Many landlords, despite how long they’ve been in the real estate rental business face similar issues of choosing the correct tenant. One wrong move can make the difference between a fantastic relationship or having to deal with a damaged property or disputes. Platforms such as HousingAnywhere.com make it convenient for landlords to find student tenants safely and securely. Nevertheless, landlords still receive many requests on their property and here are some useful tips in selecting the correct tenant!
Humans are habitual beings, as much as they say that they will change, it takes perseverance to do so. That’s why references are a vital tool that many landlords need to use to their advantage. Only collecting and storing references is not helpful. If you are going to take references, you need to check them! A simple call to the tenant’s previous landlord or boss will help you better understand the prospective tenant before you accept them into your property. If they’d set the previous landlords house on fire, surely that’s something you’d want to know!
Choose a tenant who is consistent
Consistency is key for any landlord who is looking for a reliable tenant who will not disappear after a few months. The best thing for this is to check the application form. Pay close attention to the employment history and prior address. How often do they change jobs or move around? If you can see a pattern of short-term jobs, then this tenant might not be the right one for you. If they have not shown consistent employment, they may not be able to afford the apartment in three months, and you will be left to start the tenancy search all over again.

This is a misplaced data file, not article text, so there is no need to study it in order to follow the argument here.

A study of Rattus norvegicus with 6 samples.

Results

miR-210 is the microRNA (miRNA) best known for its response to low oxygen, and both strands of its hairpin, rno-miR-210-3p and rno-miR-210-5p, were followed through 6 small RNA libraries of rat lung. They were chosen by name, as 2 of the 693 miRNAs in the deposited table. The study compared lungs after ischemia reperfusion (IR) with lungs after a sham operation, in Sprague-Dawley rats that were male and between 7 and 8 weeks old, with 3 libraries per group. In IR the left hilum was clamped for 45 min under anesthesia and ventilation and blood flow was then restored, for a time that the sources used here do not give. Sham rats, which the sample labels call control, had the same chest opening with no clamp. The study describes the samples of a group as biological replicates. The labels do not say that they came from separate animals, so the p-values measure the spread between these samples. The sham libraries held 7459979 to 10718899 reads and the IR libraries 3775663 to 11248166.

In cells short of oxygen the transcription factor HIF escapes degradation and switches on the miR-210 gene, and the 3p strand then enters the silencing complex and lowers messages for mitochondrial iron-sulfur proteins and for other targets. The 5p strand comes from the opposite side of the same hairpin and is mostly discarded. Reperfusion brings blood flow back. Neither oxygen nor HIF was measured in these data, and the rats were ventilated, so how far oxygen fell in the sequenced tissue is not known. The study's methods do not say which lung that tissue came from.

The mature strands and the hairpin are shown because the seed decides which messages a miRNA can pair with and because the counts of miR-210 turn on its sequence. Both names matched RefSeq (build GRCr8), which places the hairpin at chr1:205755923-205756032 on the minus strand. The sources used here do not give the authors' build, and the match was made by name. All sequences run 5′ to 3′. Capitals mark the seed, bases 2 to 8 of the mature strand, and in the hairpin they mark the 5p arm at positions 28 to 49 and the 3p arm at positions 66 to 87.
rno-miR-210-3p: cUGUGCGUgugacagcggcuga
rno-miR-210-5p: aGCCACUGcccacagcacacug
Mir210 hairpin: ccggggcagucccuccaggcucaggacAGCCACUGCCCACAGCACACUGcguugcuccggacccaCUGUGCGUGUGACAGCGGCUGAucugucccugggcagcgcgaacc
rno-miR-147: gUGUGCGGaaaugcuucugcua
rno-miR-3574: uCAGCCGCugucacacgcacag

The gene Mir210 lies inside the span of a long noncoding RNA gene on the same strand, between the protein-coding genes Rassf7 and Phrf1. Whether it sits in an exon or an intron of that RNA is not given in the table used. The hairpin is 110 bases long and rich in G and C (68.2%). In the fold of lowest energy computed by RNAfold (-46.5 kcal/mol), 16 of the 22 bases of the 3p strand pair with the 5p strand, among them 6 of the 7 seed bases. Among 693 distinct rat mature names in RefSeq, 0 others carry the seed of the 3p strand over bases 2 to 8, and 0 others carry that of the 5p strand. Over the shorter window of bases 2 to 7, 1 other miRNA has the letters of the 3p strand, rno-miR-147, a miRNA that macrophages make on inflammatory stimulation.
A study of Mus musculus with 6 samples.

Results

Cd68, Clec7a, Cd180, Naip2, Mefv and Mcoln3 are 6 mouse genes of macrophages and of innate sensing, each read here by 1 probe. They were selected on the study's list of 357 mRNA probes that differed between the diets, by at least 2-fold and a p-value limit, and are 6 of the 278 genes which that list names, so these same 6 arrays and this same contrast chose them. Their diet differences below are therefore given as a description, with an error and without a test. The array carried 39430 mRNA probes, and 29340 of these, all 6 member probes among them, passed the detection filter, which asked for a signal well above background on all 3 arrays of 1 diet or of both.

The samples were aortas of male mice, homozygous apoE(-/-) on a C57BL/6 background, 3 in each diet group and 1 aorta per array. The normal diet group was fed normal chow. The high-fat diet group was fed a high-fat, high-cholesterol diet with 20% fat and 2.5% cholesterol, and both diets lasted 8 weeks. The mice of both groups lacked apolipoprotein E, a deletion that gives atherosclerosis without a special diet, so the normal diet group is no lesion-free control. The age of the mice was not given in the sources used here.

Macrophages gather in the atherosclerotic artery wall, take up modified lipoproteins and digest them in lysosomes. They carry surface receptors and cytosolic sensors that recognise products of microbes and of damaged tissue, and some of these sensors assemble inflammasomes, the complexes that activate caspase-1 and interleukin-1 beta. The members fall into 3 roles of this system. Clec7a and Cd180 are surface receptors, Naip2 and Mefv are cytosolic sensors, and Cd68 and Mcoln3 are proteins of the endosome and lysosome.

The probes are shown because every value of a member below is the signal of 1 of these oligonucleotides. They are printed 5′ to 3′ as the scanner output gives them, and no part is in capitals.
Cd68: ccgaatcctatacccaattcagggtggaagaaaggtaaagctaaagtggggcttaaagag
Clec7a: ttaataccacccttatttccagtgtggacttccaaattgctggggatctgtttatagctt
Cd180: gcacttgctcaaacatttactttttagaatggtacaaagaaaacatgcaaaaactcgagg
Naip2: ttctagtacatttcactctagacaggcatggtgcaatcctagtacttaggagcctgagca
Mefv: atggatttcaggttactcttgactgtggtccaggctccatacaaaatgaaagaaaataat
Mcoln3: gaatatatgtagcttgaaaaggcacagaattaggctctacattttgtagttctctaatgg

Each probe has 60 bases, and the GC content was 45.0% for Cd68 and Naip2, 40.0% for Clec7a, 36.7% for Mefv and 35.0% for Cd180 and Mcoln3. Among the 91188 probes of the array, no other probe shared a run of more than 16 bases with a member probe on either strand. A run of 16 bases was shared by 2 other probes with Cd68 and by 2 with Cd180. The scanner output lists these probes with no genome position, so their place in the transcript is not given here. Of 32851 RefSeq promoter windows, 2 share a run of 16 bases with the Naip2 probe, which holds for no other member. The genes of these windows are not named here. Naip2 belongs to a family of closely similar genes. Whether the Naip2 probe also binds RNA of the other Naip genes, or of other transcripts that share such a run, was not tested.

Choose a tenant with financial stability
The primary focus is to find a tenant who is financially responsible. If they are responsible for paying other bills on time (phone bills etc.), they will most likely pay their rent on time and be accountable with your apartment. Here is a two-step process of checking:
A) Check their income: Ideally, you will want to find a tenant whose monthly income is at least two/three times the monthly rent. You can get this information by asking for a copy of their pay stubs/payslips
B) Calling their employer directly and confirming their employment and their monthly earnings.
If you are still concerned about your tenant’s ability to pay, consider asking for a credit check. Remember to handle this with care as it can be a sensitive topic for a lot of people. Some tenants will be uneasy about getting a credit check. However, you will need to be discrete about this subject, remembering that a refusal to provide these documents doesn’t necessarily mean that the tenant cannot pay. Also keep in mind that if you’re looking to rent out to students, you can also ask their parents or guarantor for a credit check.
Interview your candidates
Face to face meetings gives you the opportunity to properly speak to the tenant and decide if this is the correct person for you. You can ask as many questions as you need to, remembering not to ask any questions that will violate the fair housing laws.
Some questions you can ask:
‘Do you have any previous convictions?’ or ‘Where do you work? and much more.
During the interview, it is essential to listen to your gut feeling. The tenant’s behavior during the interview and the viewing can tell you a lot. For instance, if they show up late, or they’re rude. These are visible indications that this tenant might not be the right one for you.
Remember it’s not all about the money!
Selecting a tenant simply on money may be one of the biggest mistakes that many landlords face. For instance, during the interview or the viewing, a tenant is extremely picky over the smallest things about your property, then this is a good indicator that they’re going to be quite a difficult tenant. Another indicator is if they litter once they are on the property. This can also be a sign that they will not take care of the property. Make sure you are very observant and pick up on the smallest signs.
Selecting a tenant can be a time-consuming process but if you rush you may be left with a tenant who may not be a good fit. So remember to take your time, ask questions and go with your gut instinct. If something doesn’t feel right, it probably isn’t.